An intriguing slate of candidates is vying to be the next president of Ireland. In the mix, a senator who's a prominent gay rights activist, a former IRA commander-turned-politician, also a former pop star who won the Eurovision song contest in 1970.


BLOCK: A record seven candidates will be on the ballot next month. Ronan McGreevy, a reporter with the Irish Times, joins me from Dublin to tick through at least some of them.

Hello, Ronan.

RONAN MCGREEVY: Good afternoon, Melissa.

BLOCK: Now, the frontrunner at this point is the first candidate that I mentioned, Senator David Norris - a James Joyce scholar, also led the campaign for gay rights in Ireland. He withdrew from the race in August, now he's back in. Why did he withdraw?

MCGREEVY: Yes, Melissa, he withdrew earlier this summer because he had written a letter pleading for clemency to the Israeli authorities for an ex-lover of his who had been convicted of statutory rape with a minor. The minor was 15 years of age. His ex-lover claimed that he did not know that this person was under age at the time. And when letter came to light, many in Senator Norris's campaign resigned, stating that he hadn't been completely up front with them about his past.

BLOCK: But now, Senator Norris back in the race. Also in the race, Martin McGuinness of Sinn Fein. He was jailed for terrorist activities in Northern Ireland in the '70s. Now he's billing himself as a peacemaker who can be trusted. How problematic are his IRA roots there?

MCGREEVY: Well, they're very problematic here in the south, in the Irish Republic. Martin McGuinness has claimed that he's moved on since 1994, when the first IRA ceasefire came into being. He says, you know, I'm a peacemaker. I've left my past behind me. But a lot of people in the south, in particular, have long memories and they're not for really prepared to forgive him for the hundreds and thousands of deaths that the IRA carried out in their campaign of violence over 25 years.

But in the south, Sinn Fein, the party that he represents, are still a relatively minor party. So there is a feeling in the south here that it's too soon for somebody like himself to be elected president.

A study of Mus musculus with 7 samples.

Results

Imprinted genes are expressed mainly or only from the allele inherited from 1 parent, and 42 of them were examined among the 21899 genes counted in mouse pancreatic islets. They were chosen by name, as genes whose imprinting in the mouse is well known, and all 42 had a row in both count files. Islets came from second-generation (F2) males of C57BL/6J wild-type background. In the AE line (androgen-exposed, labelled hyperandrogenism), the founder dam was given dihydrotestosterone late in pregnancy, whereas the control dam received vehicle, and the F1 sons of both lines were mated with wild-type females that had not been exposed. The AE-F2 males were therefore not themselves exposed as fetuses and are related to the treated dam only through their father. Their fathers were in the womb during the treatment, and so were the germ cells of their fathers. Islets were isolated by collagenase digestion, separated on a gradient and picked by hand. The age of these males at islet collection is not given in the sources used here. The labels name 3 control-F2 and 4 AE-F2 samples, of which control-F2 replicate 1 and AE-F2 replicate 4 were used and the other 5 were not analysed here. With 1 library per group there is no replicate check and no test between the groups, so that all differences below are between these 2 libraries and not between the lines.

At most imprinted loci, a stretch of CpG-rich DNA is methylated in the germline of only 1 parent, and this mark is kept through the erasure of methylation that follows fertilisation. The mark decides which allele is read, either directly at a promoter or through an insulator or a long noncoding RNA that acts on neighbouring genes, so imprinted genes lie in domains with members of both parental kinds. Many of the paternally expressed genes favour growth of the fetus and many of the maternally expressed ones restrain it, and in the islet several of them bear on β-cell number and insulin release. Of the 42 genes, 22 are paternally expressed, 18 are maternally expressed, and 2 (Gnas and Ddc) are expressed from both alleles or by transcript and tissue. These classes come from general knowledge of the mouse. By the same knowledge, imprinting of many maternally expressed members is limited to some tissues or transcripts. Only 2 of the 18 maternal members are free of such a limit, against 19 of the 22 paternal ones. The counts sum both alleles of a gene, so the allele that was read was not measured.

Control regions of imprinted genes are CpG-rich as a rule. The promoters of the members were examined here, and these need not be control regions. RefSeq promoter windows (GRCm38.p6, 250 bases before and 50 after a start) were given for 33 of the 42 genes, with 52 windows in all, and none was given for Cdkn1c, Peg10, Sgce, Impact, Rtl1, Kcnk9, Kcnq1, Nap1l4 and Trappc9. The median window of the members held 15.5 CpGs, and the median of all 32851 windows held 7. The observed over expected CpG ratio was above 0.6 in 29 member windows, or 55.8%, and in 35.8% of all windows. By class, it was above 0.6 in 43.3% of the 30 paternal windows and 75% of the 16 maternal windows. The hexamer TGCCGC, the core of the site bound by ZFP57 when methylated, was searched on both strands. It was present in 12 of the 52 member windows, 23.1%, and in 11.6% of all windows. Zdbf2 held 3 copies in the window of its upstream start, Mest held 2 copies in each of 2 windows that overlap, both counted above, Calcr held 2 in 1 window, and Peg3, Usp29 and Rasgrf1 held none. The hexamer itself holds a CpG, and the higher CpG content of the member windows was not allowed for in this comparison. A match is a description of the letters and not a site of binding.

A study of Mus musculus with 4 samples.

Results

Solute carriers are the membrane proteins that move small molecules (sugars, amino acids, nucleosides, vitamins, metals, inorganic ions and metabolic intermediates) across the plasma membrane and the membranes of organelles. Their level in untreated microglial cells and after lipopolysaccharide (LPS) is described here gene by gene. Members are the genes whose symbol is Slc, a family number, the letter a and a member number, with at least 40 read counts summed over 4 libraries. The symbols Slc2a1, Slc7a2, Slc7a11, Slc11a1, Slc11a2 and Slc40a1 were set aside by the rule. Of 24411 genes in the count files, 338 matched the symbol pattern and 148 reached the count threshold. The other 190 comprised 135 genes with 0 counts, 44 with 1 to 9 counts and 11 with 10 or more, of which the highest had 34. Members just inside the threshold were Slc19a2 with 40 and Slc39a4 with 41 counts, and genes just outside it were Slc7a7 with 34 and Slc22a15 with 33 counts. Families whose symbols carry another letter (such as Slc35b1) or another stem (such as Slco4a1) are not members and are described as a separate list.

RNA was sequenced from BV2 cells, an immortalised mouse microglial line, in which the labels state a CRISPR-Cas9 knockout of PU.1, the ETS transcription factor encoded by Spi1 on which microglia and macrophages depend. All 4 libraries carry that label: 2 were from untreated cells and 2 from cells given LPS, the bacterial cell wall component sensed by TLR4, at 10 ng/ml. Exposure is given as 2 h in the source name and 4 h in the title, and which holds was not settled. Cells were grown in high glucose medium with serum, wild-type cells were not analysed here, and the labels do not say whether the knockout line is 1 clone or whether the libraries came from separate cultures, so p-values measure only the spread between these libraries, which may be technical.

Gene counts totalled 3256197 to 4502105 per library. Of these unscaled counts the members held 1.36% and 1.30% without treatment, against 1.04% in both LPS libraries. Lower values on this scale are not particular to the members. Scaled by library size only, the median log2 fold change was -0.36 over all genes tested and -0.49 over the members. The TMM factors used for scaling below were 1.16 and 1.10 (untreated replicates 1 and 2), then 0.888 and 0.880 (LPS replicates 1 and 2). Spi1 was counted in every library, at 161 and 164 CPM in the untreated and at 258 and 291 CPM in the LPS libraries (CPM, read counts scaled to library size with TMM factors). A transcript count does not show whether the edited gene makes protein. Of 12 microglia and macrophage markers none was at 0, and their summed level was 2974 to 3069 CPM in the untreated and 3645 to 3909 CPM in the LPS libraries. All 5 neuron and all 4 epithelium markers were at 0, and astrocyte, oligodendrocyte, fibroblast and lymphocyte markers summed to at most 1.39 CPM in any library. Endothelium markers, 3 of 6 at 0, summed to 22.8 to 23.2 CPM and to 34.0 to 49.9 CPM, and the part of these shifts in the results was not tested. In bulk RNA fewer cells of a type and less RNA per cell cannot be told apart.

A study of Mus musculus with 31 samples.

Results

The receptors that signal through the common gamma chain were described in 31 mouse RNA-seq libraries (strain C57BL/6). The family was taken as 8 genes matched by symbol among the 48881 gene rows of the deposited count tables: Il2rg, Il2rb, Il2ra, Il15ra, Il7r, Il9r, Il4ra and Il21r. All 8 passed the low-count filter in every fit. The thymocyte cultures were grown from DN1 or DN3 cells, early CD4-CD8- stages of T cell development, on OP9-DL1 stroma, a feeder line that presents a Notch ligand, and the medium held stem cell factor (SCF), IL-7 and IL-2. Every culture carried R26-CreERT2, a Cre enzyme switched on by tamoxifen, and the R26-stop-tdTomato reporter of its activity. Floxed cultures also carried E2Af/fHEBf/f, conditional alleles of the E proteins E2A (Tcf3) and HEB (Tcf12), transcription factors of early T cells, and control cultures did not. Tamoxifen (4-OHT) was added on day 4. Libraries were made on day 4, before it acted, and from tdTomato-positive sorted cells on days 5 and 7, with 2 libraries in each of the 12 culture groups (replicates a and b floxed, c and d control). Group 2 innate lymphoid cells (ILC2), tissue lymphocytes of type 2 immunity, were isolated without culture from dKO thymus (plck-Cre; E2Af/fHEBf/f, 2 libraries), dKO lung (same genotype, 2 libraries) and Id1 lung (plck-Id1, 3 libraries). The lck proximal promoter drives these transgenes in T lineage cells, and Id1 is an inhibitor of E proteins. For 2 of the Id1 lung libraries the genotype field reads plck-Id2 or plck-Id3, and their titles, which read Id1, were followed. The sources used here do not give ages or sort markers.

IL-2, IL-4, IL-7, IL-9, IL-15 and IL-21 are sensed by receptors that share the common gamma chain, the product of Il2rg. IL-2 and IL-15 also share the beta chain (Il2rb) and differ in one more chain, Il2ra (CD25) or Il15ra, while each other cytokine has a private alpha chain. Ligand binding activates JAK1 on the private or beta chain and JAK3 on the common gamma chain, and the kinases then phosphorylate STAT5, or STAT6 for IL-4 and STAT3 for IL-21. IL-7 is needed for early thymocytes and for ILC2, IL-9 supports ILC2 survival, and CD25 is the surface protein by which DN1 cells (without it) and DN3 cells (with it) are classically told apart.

BLOCK: Who are some of the other candidates you're paying attention to, Ronan?

MCGREEVY: Well, there is Michael D. Higgins, who's the Labor Party candidate. He's a slight favorite, I would say, at this stage; a veteran politician, 70 years of age, left-wing politician who has been bitterly opposed to many aspects of American foreign policy.

There's also Dana Rosemary Scallon, the former pop singer turned conservative politician. A dark horse I would say for the presidency. She's also from the north of Ireland. She's a conservative Catholic. And her hugely successful predecessor, Mary McAleese was similarly a conservative northern Catholic. So she'd have a very good chance.

She was dismissed 14 years ago when she stood as a political tourist, because she was still living in Alabama at the time, working for a Catholic television station there. But she could be in there with a shout.

BLOCK: Now, Ronan, the Irish presidency is largely ceremonial. What is the message from these candidates, especially at a time when the Irish economy has been in such a tailspin?

MCGREEVY: Well, this country has been to hell and back. It's been through the fire, it really has, in terms of there's been a depression in Ireland for the last three years. Hundreds of thousands of people have lost their jobs. I know it's similar in the United States, but we have suffered a bigger fall in output than any country in the developed world since the Great Depression of the 1930s. So really, it's a role that's cheering the Irish people up.

Really, he or she is a meter and greeter for Ireland. So it's really about who has got the personality that reflects the personality of the Irish people the most.

BLOCK: Ronan McGreevy was the Irish Times in Dublin. We were talking about the upcoming presidential elections and the Republic of Ireland.

Ronan, thanks so much.

MCGREEVY: Thank you very much, Melissa. Transcript provided by NPR, Copyright NPR.